Shereen Lisa Dudar
An obituary for a rock n' roll legend
Legendary rock musician Lou Reed passed away last week. His death was announced in the most emotionally exhausting manner—a bunch of reliable sources said he died, then a satirical website said it was a hoax, which we all desperately wanted to believe, and finally his death was confirmed again and everyone was sad.
Lou Reed was best known as the guitarist, singer, and songwriter for the Velvet Underground. The band was managed by Andy fucking Warhol, and now everyone correlates them with artsy bananas. The banana-adorned debut album, The Velvet Underground & Nico, was not received very well until after the band disbanded, but the cult following essentially included every rock band to precede them to this day. The album is all the over the place, from the harmonious bells on the opening track, “Sunday Morning,” which is reminiscent of a lullaby, to the ballads about drug culture like “I’m Waiting for the Man” and of course, “Heroin.” The lyrics portray a gritty society, full of expensive drugs, cheap sex, and rock n’ roll.
After a few more Velvet Underground albums and a self-titled solo album, the world received Transformer, a glam rock gift that the gods on Mount Olympus were almost too selfish to share with us plebeians. The breakthrough hit of the album was “Walk on the Wild Side,” which re-charted on iTunes posthumously.
Last spring, the University Art Museum showcased Lou Reed’s Metal Machine Music, a departure from conventional rock and the beginning of experimentation with industrial music and sound art. The hour and four minutes of feedback and guitar effects had no distinguishable structure or composition, but it was by no means random. The UAM created a sound room with 12 loudspeakers, where visitors sat in the middle and were surrounded by sound, similar to Reed’s experience onstage.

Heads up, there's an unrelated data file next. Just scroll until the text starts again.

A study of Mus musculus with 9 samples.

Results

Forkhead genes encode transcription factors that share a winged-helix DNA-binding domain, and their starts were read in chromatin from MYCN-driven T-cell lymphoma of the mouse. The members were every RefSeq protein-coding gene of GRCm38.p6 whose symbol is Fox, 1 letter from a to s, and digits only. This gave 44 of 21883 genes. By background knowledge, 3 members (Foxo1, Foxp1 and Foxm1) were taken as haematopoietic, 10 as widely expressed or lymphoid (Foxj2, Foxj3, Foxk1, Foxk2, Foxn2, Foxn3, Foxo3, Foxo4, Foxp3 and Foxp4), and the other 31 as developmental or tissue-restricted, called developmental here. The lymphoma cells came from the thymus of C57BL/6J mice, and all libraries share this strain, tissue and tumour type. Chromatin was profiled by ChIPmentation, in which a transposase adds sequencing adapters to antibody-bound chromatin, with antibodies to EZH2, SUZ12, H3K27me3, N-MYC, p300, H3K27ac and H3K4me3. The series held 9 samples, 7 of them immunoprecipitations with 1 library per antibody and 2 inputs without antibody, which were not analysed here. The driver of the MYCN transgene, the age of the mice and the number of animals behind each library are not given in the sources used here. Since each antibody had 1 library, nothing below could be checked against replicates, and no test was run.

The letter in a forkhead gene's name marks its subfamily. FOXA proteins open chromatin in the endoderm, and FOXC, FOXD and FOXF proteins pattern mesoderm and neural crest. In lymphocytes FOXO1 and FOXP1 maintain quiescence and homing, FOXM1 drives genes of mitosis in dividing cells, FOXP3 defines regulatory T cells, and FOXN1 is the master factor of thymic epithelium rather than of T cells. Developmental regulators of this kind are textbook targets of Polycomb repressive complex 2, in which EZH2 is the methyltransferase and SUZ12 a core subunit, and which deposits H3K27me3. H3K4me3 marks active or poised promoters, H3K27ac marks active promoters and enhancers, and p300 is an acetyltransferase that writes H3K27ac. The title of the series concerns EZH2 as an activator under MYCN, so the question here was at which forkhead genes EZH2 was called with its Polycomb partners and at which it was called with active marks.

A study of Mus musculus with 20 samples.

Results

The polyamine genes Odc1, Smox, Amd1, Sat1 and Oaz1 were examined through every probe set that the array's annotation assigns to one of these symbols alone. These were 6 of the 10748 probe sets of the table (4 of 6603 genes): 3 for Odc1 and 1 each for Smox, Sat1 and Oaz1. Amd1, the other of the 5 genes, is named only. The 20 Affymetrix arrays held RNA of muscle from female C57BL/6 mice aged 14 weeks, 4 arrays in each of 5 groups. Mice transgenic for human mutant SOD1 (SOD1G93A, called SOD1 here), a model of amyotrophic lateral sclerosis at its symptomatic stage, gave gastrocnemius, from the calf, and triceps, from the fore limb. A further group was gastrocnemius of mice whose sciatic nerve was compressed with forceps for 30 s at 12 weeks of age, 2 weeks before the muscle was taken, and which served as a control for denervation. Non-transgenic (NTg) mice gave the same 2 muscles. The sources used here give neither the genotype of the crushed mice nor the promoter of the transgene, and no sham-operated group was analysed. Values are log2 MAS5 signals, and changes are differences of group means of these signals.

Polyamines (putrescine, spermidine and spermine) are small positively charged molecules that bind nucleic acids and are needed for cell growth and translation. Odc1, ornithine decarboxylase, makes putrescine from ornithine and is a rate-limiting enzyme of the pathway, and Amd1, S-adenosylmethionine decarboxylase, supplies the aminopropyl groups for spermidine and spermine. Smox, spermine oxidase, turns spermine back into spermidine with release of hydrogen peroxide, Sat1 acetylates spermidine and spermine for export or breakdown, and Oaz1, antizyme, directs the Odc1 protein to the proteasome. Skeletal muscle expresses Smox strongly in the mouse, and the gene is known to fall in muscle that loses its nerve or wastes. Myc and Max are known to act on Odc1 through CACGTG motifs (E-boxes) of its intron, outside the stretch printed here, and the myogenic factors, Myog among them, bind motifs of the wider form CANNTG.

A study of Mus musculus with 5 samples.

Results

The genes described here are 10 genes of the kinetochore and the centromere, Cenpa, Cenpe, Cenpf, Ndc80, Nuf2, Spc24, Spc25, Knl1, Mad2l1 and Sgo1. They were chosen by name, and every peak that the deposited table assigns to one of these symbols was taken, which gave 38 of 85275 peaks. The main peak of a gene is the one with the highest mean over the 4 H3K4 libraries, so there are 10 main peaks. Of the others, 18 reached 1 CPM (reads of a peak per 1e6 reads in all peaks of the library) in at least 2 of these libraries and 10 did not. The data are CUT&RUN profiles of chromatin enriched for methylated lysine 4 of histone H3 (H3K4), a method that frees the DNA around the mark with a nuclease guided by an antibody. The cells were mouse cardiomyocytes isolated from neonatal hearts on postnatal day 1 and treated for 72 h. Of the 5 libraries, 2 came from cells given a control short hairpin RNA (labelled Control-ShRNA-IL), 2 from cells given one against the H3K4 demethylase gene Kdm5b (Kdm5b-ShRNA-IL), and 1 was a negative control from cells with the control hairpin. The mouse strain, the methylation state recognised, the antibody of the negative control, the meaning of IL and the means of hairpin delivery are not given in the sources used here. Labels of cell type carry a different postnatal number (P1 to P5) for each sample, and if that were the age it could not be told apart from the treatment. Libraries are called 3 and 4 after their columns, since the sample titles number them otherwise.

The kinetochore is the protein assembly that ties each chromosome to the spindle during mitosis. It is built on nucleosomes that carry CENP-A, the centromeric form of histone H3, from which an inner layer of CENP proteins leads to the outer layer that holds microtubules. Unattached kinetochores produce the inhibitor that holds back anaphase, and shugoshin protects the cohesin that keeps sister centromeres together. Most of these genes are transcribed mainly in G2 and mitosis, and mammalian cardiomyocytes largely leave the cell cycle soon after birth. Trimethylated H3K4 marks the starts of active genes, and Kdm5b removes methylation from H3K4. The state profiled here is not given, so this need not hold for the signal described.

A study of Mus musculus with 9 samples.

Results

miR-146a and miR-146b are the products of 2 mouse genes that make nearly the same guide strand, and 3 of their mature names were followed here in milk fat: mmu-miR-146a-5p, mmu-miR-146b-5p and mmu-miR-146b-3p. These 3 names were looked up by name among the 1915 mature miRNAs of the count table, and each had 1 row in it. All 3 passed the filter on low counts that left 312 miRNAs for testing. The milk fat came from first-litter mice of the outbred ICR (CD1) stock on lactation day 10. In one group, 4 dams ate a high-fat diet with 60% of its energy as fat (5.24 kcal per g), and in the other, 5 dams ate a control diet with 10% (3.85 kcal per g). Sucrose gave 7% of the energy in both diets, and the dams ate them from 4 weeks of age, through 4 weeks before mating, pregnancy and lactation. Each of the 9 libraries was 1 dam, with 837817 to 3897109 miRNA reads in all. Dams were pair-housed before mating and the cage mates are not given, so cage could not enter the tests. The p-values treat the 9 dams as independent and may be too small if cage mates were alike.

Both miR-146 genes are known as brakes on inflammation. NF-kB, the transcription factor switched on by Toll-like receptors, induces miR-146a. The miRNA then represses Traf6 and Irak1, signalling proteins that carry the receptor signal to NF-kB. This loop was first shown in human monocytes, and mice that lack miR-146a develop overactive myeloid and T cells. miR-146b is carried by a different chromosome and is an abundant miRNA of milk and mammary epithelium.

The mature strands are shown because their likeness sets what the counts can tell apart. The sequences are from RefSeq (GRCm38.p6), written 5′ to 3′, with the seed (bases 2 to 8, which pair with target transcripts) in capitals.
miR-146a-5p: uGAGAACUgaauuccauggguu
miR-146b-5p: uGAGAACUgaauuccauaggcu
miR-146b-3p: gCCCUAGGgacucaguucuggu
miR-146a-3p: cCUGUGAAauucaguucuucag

I went to the opening reception, and Lou Reed was there. He had everyone sit in a circle with their eyes closed, just listening to the noise filling the room. I was way too shy to go up to him and say anything; I just marveled at the legendary man before me. I did, however, find out Ke$ha was there, and proceeded to find her. The dance-pop sensation told me the Velvet Underground was a big influence for her, which seemed odd to me, but I realize now that what Lou Reed was doing in the Velvet Underground and as a solo artist could be appreciated by anyone with a pulse. His brand of rock music was experimental and artistic. That’s exactly what Ke$ha is doing, just with more glitter.
If you have any interest in rock or punk music, your favorite band has probably done a cover of a Lou Reed song. The list is endless: Bowie, Death Cab for Cutie, Duran Duran, and Joy Division. Even Susan Boyle—who, quite frankly, completely missed the drug references and turned “Perfect Day” into a choir song about sunshine breaking through the fog—was influenced by Lou Reed.
Lou Reed will live on through his music legacy and the species of underground velvet spider that has been named Loureedia after him. His influence transcends genres; he is beloved by established and aspiring pop, punk, rock, and even hip-hop musicians.